Winston-Salem/Forsyth County Schools going with Remote Learning for the First Nine Weeks of School

from the Winston-Salem/Forsyth County Schools website/

For the Winston-Salem/Forsyth County Schools as the new 2020-2021 school year begins on August 17….

Remote Learning, for the first nine weeks of school.

A Letter From Superintendent Dr. Angela P. Hairston:
The past few weeks have been a balancing act. As a public school district, we have been tasked with trying to balance our number one priority – providing a safe, sound, quality education for all students – with the task of also protecting the safety, health and wellness of our nearly 55,000 students, 8,000 employees and their respective families.

I believe wholeheartedly that children need to be in school to learn best. Children need time with teachers. Children need to be with their friends and support groups, their social clubs and after school play pals. School is an essential part of the health and wellness of children. It is why we have worked to look at every way possible to make safely reopening school in the fall, a reality. It is why we have presented multiple plans in recent weeks, multiple ways to try and reopen our schools.

But today, I think about the status of our community with one of the highest infection rates in our state. I see hard, scientific data that shows we are not through the worst of this pandemic. I see data to suggest that the risk of infection is still very high. Nearly 20% of our teachers tell us they are either fearful of or are in need of special accommodations in order to return to the classroom, yet we must have their full support and endorsement if we are to reopen our schools safely. I see budgets that cannot support all the ways necessary to safely return. I read emails from hundreds of concerned parents and teachers. For all of those reasons and a host of others, I think about that balancing act, and the scales begin to tip. Going back to school for our communities and families is still of great concern to me.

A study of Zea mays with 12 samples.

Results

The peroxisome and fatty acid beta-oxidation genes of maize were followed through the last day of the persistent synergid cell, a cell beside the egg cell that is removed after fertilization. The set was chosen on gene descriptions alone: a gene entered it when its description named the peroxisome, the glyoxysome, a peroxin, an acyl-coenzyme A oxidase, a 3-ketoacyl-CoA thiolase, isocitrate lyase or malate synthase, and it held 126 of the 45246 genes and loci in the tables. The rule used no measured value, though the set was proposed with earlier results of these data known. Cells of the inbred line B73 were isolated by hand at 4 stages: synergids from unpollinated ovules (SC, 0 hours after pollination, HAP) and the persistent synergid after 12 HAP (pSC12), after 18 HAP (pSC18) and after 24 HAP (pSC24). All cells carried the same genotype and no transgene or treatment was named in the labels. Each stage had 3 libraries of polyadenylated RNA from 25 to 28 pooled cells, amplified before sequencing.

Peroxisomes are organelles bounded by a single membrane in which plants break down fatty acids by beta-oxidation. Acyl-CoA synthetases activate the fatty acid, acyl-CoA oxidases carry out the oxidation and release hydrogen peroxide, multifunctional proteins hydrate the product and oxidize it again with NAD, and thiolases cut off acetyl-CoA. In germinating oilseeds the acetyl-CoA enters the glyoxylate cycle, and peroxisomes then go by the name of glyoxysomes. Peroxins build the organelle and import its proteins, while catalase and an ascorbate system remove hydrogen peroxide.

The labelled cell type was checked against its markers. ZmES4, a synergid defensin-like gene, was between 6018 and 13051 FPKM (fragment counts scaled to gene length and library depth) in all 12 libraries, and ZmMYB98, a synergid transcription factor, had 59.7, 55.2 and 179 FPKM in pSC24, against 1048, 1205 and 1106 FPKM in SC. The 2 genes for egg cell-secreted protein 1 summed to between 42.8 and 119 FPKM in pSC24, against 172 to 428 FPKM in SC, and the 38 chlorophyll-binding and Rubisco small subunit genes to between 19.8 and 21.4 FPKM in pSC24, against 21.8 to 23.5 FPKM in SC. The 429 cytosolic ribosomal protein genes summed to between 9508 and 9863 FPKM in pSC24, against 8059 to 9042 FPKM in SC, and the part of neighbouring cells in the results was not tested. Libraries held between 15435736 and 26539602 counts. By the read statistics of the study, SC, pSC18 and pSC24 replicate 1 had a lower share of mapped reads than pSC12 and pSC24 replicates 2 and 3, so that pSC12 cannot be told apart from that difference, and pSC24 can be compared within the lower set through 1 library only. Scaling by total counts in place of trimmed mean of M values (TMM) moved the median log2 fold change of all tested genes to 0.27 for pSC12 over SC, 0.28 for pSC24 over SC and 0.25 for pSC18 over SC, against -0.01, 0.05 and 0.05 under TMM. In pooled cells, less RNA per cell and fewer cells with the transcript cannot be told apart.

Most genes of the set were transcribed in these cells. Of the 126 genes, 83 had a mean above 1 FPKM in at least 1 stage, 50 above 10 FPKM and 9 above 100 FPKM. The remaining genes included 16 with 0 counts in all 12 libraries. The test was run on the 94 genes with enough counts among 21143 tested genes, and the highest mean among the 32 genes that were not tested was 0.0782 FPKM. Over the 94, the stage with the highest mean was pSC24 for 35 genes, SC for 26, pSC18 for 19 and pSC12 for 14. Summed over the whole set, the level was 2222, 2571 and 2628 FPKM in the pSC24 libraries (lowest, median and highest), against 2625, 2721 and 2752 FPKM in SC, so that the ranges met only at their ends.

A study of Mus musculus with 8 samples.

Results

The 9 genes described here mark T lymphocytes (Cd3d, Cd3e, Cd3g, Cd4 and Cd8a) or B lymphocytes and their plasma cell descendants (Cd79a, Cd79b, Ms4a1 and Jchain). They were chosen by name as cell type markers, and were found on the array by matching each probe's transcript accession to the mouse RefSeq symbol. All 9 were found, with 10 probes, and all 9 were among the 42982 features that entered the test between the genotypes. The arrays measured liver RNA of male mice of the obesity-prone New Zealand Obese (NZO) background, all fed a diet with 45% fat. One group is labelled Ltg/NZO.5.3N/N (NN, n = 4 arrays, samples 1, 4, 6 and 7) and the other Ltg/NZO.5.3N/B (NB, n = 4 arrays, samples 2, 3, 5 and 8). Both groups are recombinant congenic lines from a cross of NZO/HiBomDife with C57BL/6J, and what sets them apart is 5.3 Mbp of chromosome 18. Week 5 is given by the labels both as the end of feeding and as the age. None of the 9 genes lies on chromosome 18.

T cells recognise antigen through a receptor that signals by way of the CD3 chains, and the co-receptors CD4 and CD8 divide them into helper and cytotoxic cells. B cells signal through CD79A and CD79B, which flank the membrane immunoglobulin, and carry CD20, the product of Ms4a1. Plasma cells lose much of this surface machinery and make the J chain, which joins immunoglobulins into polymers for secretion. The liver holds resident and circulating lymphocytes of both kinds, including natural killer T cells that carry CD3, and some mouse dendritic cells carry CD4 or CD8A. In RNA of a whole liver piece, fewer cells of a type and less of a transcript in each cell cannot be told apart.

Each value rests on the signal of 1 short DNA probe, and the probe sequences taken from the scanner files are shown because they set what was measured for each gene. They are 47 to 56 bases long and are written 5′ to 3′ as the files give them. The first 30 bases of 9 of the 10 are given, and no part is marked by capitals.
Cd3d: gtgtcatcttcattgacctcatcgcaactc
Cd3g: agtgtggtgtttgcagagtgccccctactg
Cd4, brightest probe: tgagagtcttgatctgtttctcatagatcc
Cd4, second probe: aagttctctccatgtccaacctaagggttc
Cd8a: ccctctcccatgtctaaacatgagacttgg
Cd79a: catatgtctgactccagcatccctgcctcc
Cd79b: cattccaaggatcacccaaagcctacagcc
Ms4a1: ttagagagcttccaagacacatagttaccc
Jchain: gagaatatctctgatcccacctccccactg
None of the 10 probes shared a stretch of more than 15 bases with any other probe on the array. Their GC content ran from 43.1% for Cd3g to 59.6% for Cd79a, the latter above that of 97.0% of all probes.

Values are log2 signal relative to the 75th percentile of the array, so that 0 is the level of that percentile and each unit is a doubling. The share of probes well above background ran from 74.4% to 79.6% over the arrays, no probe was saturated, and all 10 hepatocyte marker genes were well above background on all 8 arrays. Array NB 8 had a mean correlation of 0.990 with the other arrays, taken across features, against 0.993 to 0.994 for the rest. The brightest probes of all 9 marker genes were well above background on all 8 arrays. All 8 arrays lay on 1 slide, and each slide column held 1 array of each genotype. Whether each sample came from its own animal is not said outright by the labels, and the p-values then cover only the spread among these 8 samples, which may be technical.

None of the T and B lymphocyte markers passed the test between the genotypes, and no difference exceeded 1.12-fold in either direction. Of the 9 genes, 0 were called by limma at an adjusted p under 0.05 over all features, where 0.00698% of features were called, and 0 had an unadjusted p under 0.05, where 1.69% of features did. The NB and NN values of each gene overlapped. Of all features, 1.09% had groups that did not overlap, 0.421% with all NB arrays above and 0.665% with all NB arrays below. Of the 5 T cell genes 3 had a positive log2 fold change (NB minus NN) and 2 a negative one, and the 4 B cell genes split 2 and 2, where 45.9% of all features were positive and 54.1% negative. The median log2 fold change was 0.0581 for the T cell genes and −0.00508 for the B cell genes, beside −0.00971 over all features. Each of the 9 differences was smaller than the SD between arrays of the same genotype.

For all those reasons, I am not convinced on August 17 we can bring students and staff back into our buildings in a way that absolutely ensures the health and safety of our students, our staff and the greater community. Without millions more in funding, without extra staff, and without resources that are well beyond what we have the means to acquire, I think it best that we delay in-person learning for the first nine weeks of school. We need more time for this virus to subside.

***********While I do not recommend this lightly, I am proposing to this board that we implement Plan C, Remote Learning, for the first nine weeks of school. This delay allows time for the virus to subside, more time for our schools to prepare, time for our teachers to build rigorous online learning to kickoff the year that easily transitions into a safer return to in-person learning at the end of that 9 weeks. As the first 9 weeks come to a close, we can reassess where infection levels are within our community and our state and transition into a modified or hybrid plan of in-person and virtual learning much like the Plan B that I outlined today.************

I know this decision comes with frustration for parents who struggled with virtual learning in the spring. But over the next four weeks as we work to begin school, we will improve that model. You will see big differences in the new version of online learning. Teachers will be teaching. We will be taking attendance and giving grades. There will be more training for parents, students and staff, and multiple ways to learn, including flex days, and time for one-on-one conversations with teachers. What we offer will not change. Art, music, physical education, languages, CTE, AP, IB, STEM classes, and virtual field trips will be a part of our remote learning. It will be robust and rigorous.

This is a tough decision, as I want our students in school. But the safety and health of our staff, students and their families must remain paramount.